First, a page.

CBO: Social Security to begin running permanent deficits this year, not 2016

Not unexpected.

The Congressional Budget Office said Wednesday that Social Security will pay out $45 billion more in benefits this year than it will collect in payroll taxes, further straining the nation’s finances. The deficits will continue until the Social Security trust funds are eventually drained, in about 2037.

Previously, CBO said Social Security would start running permanent deficits in 2016. In the short term, Social Security is suffering from a weak economy that has payroll taxes lagging and applications for benefits rising. In the long term, Social Security will be strained by the growing number of baby boomers retiring and applying for benefits.

Remember the payroll tax cut for employees that was part of last month’s tax cuts deal? Democrats warned at the time that that would play into the GOP’s hands on entitlement reform by establishing a new lower baseline rate that’s insufficient to fund the program. (The current rate is temporary, but as we’ve learned, temporary tax rates are hard to raise.) The result: An accelerated, expanded shortfall in Social Security that will inevitably intensify cries that the program is unsustainable and needs to be reformed. Which, of course, it does: As noted above, assuming The One wins a second term, Social Security would have begun running deficits before the end of his presidency anyway. As it is, two graphs for you from today’s new CBO report. First, the Baby Boomer effect on expenses over the next 10 years:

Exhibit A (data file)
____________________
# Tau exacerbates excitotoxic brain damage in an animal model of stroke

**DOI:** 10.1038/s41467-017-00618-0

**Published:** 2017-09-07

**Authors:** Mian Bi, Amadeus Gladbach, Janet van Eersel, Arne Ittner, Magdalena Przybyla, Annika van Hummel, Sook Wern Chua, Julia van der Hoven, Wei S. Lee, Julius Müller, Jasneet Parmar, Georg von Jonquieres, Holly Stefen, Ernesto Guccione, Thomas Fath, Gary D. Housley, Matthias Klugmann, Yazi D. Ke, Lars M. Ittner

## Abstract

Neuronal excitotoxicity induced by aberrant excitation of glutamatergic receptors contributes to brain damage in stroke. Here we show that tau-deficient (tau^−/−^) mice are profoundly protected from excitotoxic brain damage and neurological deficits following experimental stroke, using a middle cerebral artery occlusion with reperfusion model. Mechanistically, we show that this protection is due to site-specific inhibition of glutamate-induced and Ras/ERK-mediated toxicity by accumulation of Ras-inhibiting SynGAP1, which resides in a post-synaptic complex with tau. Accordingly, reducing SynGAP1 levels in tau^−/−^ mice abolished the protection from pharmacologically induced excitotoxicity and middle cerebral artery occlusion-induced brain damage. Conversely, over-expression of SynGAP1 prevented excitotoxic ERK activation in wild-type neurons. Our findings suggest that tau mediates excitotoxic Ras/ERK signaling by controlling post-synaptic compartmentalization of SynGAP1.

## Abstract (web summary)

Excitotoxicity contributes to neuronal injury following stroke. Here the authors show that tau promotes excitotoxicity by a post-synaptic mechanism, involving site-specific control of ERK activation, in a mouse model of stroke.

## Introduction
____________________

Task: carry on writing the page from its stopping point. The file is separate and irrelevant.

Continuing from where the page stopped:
And second, the offsetting receipts, with the Medicare line self-explanatory:

This isn’t the only horrible news in the report by a longshot, either. CBO’s projected deficit for this year is a cool $1.5 trillion or 9.8 percent of GDP, which is just two-tenths of one percent less than last year’s all-time budget-buster. And there’s not much revenue relief coming from new jobs: CBO expects that unemployment will remain above eight percent through 2012 and won’t get back to a historic norm of 5-6 percent or so until 2016. This ship has already started to sink, in other words, and yet Captain Hope chose to use his annual megaphone last night to talk about stuff like high-speed rail. As Megan McArdle says, terrifying.